Saturday, November 15, 2014 by  
Filed under Daily Blog

November
15
2014

I’m very much looking forward to the Horrible Hundred tomorrow! I’m in pretty good form right now: my fitness is up, and my fatigue is relatively low. Hopefully I’ll put in a decent performance.

I’ll be doing my usual club ride this morning, and it’s a short one: just 32 miles/52 kilometers. After the ride I’m going to give my Madone a complete cleaning and tune so she’s ready to roll first thing tomorrow morning!

Oh, and my buddy Brian–the guy who sold me the 1972 Raleigh Super Course fixie last week–is bringing a set of brakes for the bike to this morning’s group ride. Yeah, after some thought and talking with a few respected fixie aficionados about the subject, I’ve decided to add brakes to Bloodbear:

Brakes for Bloodbear

Brakes for Bloodbear

 

As you can see, I’ve decided to add front and rear brakes. This just makes sense on every level: I’m way too old and have way too many responsibilities to take pointless risks with my health (and the health of those riding with me). Maybe some people are perfectly comfortable riding fixies sans brakes, but there are emergency stopping situations in which no amount of skill will compensate for lack of brakes. This is especially true in a group ride situation. In fact, riding without brakes in a paceline strikes me as right up there with riding on aerobars in a paceline: it’s just not a safe thing to do.

Hopefully I’ll have time to get the brakes installed after my ride this morning, as I’d love to get a few miles in on Bloodbear before next Sunday’s social bakery ride. That ride should be a blast, as just about everyone rolls on a vintage and/or fixie.

I need to eat and get moving. Have a great Saturday!

John Stone Fitness Comments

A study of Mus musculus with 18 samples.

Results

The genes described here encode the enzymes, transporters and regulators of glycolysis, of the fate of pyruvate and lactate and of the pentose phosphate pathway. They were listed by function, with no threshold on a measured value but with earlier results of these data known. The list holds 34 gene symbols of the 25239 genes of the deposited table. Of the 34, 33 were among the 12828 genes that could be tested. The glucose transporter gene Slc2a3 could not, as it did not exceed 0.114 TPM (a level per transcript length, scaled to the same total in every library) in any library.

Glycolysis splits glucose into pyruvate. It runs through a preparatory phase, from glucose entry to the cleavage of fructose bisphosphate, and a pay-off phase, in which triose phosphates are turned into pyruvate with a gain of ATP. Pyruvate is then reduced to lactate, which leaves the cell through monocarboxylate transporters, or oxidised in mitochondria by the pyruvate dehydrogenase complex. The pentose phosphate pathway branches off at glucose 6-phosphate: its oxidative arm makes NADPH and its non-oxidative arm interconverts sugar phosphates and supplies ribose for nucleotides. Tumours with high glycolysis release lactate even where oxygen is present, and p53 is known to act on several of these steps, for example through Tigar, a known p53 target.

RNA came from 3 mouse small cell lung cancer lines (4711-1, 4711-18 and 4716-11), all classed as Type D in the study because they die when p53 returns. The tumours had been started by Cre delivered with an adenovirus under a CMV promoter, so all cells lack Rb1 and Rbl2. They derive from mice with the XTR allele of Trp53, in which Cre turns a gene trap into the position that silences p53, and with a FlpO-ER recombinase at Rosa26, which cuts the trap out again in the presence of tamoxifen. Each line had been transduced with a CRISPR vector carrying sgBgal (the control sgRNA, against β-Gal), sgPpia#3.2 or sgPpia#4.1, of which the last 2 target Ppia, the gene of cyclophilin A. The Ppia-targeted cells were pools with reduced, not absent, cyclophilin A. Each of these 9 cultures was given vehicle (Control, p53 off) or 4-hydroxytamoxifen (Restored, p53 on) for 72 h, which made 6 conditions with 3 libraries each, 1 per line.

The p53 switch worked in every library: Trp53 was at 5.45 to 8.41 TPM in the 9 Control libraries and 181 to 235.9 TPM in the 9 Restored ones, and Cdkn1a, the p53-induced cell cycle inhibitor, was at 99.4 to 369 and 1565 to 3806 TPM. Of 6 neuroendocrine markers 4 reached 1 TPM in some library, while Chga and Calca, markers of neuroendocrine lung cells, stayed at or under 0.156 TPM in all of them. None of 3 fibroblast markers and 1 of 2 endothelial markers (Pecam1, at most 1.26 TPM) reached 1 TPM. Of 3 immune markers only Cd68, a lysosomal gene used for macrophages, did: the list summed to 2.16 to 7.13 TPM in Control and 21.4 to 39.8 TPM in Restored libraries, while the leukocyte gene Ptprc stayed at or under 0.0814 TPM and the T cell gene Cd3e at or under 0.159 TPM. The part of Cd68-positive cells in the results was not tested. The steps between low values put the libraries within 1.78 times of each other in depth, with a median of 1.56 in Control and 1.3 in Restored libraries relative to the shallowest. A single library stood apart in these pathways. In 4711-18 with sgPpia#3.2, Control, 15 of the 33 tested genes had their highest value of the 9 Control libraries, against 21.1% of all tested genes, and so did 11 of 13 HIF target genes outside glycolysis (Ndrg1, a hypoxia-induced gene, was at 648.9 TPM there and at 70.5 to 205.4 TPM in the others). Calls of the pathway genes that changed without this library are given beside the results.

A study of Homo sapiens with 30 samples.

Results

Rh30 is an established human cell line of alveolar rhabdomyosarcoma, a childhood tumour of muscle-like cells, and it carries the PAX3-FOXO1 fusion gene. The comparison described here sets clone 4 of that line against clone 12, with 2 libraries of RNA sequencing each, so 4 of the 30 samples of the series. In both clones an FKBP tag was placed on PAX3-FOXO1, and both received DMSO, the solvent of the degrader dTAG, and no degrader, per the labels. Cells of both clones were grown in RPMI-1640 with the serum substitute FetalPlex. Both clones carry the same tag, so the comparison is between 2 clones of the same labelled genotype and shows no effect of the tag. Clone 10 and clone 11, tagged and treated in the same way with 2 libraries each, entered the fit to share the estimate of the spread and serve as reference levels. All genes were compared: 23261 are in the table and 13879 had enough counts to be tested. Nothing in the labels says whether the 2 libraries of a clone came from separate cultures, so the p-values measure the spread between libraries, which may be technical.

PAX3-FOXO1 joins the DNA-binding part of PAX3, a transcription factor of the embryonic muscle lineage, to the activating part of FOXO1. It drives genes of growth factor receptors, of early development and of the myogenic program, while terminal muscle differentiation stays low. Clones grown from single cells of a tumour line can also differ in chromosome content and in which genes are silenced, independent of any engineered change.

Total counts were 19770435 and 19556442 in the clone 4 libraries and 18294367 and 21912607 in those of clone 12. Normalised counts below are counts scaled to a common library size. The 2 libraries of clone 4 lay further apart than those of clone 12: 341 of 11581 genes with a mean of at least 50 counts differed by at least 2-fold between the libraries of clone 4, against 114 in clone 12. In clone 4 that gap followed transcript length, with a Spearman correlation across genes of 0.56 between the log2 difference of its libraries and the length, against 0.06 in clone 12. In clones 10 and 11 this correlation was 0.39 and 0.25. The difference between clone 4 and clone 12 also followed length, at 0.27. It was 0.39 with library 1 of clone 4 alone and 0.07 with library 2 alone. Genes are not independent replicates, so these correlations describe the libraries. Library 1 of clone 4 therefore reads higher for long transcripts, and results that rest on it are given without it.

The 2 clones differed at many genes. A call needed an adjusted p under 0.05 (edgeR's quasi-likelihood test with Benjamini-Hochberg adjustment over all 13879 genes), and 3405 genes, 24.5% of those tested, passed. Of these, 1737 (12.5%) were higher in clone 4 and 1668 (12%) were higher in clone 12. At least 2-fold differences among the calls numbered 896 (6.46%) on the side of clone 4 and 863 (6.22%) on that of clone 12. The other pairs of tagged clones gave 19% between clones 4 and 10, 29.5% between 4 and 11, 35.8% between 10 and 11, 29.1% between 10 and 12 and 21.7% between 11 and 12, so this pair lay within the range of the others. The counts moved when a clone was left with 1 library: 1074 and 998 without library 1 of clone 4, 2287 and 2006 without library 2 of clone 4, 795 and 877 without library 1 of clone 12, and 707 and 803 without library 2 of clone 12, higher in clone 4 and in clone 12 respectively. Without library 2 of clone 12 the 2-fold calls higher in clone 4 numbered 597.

One Response to “Easy ride before the Horrible Hundred; Brakes for Bloodbear.”
  1. Good call on the brakes. The reality is that you *can* stop a fixed gear without brakes but it can be a risky proposition. Many of the no-brake “fixie” riders yapping about “no brakes, dude!” are urban dwellers and not moving that fast. Skid stops look cool until you biff a car, pedestrian, or other rider. At $60+ tire, skidding can also be expensive. (No, you don’t have to skid but you gotta bleed speed pretty damn quick when you’ve got 160 lbs moving at 30 MPH when a soccer mom juggling a Starbucks no-fat latte and an iPhone 6 pulls her SUV out in front of you.)

    For all the great history of fixed gears, over the last decade they became hipster-cool — just like tattoos and body piercing. Companies like http://www.solebicycles.com/ sprung up because selling fixed-gear bikes is easy direct-to-customer via UPS: No derailleurs or brakes to set up. Put on a front wheel and you’re set to ride. Don’t even have to worry if the wheels are true. (Even Wal-Mart sells ’em!
    http://www.walmart.com/tp/fixie-700c-fixed-bikes) Shops started to do the same thing, even specializing in “fixies.” Now you’ve got a bunch of pseudo-cool dudes and dudettes who are relatively unfit, inexperienced on bikes, and have no friggin’ idea how to stop.

    So what happened? In the US and abroad, having no brakes actually became *illegal!*

    http://en.wikipedia.org/wiki/Fixed-gear_bicycle#Legality

    Here’s a piece of Oregon’s state legislation — one of the most bike-friendly states in the country:

    A bicycle must be equipped with a brake that enables the operator to make the braked wheels skid on dry, level, clean pavement.

    Go figure: Bankers can legally bankrupt their customers with bogus credit schemes but you gotta have brakes on your bike.